New York State Senate Republicans today joined Richmond County District Attorney Dan Donovan in Albany to unveil the Domestic Violence Act of 2010, a comprehensive effort to strengthen the State’s porous and ineffective domestic violence laws.
Among other things, the initiative would for the first time ever create a specific crime of domestic abuse in the State penal law and provide law enforcement with greater tools to stamp out domestic violence.
“I want to thank District Attorney Donovan for standing with us today to highlight the pressing need to strengthen our domestic violence laws to get tough on abusers and provide more adequate protection for victims. The District Attorney is a recognized leader in pushing innovative solutions to combat domestic violence and we look forward to working with him to achieve passage of this comprehensive legislation,” Senate Republican Leader Dean G. Skelos said.
"There is no denying that victims of domestic violence need better protection under New York State law. It is unfortunate that while there is no place in our society for domestic violence, some believe it to be acceptable. Therefore, we must enhance the penalties for those who commit the heinous acts of domestic violence, and do more to protect the victims,” Senator Martin Golden (R,C-Brooklyn) said.
"This comprehensive package prepared by my office recognizes the need to treat domestic abuse as a unique crime in our penal law. It further enforces orders of protection through the use of the latest technology. This legislation also will strengthen our ability to prosecute ‘deadbeat’ parents who evade court-orders to support their children, giving victims of domestic violence freedom from their dependence on an abusive partner. I thank Senator Skelos for his commitment to introducing this legislation and ending the cycle of violence that impacts so many New York families,” District Attorney Dan Donovan said.
Under current law, individuals can only be charged with harassment, menacing or third degree assault, which carries a class A misdemeanor. The changes Republicans are advocating for would create new crimes of Domestic Abuse in the First, Second and Third degrees. Domestic Abuse in the First Degree would be a Class E felony.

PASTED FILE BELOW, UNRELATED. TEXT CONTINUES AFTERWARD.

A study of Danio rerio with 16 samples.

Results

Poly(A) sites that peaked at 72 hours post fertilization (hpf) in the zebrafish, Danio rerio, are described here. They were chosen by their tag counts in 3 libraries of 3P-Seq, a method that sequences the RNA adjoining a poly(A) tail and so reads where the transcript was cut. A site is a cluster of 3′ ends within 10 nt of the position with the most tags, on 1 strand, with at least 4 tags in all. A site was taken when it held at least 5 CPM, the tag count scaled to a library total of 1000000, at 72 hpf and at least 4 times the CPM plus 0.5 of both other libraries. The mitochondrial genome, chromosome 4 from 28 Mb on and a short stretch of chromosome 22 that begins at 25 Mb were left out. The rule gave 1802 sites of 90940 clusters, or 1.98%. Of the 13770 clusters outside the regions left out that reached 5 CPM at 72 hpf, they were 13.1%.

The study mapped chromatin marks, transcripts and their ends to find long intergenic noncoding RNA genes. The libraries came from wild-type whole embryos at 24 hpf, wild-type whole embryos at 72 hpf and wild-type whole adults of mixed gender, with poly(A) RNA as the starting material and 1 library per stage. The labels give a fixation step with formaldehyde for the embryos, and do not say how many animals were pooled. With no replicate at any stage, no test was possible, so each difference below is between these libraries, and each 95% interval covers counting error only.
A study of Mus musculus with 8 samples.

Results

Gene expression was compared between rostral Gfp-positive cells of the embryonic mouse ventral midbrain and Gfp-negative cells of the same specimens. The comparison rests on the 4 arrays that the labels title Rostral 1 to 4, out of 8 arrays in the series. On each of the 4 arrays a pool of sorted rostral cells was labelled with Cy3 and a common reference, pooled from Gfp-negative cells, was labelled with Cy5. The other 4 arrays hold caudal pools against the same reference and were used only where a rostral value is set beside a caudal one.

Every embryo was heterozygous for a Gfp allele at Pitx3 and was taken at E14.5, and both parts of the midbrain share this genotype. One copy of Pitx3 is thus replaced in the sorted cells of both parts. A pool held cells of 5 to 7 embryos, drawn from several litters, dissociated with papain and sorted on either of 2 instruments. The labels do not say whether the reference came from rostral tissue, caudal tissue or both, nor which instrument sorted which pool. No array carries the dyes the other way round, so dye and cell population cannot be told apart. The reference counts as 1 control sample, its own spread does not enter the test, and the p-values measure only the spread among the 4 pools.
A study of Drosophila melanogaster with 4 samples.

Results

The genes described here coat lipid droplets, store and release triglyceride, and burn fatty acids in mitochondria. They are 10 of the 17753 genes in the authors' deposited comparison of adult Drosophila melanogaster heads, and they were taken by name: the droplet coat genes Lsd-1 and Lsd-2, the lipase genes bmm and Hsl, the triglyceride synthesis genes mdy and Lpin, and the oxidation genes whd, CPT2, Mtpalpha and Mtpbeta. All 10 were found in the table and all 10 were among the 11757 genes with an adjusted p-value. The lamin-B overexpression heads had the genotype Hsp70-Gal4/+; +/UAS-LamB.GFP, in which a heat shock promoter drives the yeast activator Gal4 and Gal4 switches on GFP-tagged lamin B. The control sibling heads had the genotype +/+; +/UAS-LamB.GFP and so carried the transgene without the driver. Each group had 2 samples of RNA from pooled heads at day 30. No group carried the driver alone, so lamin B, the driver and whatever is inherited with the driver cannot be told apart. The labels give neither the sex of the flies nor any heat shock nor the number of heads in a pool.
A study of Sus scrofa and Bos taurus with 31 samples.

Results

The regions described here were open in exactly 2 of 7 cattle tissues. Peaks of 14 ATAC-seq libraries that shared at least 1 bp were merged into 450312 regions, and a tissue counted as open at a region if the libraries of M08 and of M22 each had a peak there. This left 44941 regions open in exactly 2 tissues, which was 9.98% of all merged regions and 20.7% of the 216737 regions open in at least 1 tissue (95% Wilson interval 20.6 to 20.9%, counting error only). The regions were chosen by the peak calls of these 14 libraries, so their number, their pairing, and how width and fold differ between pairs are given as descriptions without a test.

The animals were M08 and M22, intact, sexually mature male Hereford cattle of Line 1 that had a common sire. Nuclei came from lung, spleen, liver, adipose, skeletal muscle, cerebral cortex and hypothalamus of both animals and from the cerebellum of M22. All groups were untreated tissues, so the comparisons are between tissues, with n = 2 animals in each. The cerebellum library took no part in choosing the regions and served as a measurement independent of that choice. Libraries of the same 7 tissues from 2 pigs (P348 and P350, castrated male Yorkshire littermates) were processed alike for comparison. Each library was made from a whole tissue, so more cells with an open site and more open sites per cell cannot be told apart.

The Domestic Violence Act of 2010 would increase penalties for those who commit the most serious crimes or are repeat offenders, as well as utilize GPS technology to better enforce orders of protection to keep women safe.
Currently, an order of protection is a piece of paper that provides no real protection if a woman is confronted by a violent assailant. The Domestic Violence Act of 2010 would put in place enhanced monitoring of individuals who have been served with an order of protection by requiring them to wear an ankle bracelet equipped with a GPS tracking device.
The GPS technology would be used to notify both the victim and law enforcement officials when the subject of the order enters a so-called “safety-zone” near the victim, and provide clear evidence that an order was or was not violated, eliminating the “he said, she said” nature of many domestic disputes.
The cost of the equipment and monitoring would be paid for by the offender and present little, if any, cost to taxpayers. In 2008, more than 220,000 orders of protection were granted in New York State.
Still, the most recent statistics from the State’s Division of Criminal Justice Services show that nearly 4,000 women in New York City alone were treated in emergency rooms for injuries they acknowledged were caused by their intimate partners.
The comprehensive anti-domestic violence legislation would also hold deadbeat parents accountable for failure to pay child support by cracking down on parents who deliberately hide their assets. In addition, the bill closes a loophole in current law that allows parents to escape criminal liability by shifting the burden of proof of the inability to pay from the prosecutor to the parent.
According to the National Coalition Against Domestic Violence, 1 in 4 women will experience domestic violence in their lifetime, and there are more than 400,000 domestic violence incidents in New York State each year.
In addition, fifty percent of all women murdered in New York State are killed as a result of domestic violence.
District Attorney Donovan is the current Chairperson of the State District Attorneys Association Board of Directors, and a former President of the statewide organization. His office has made targeting domestic violence its top priority.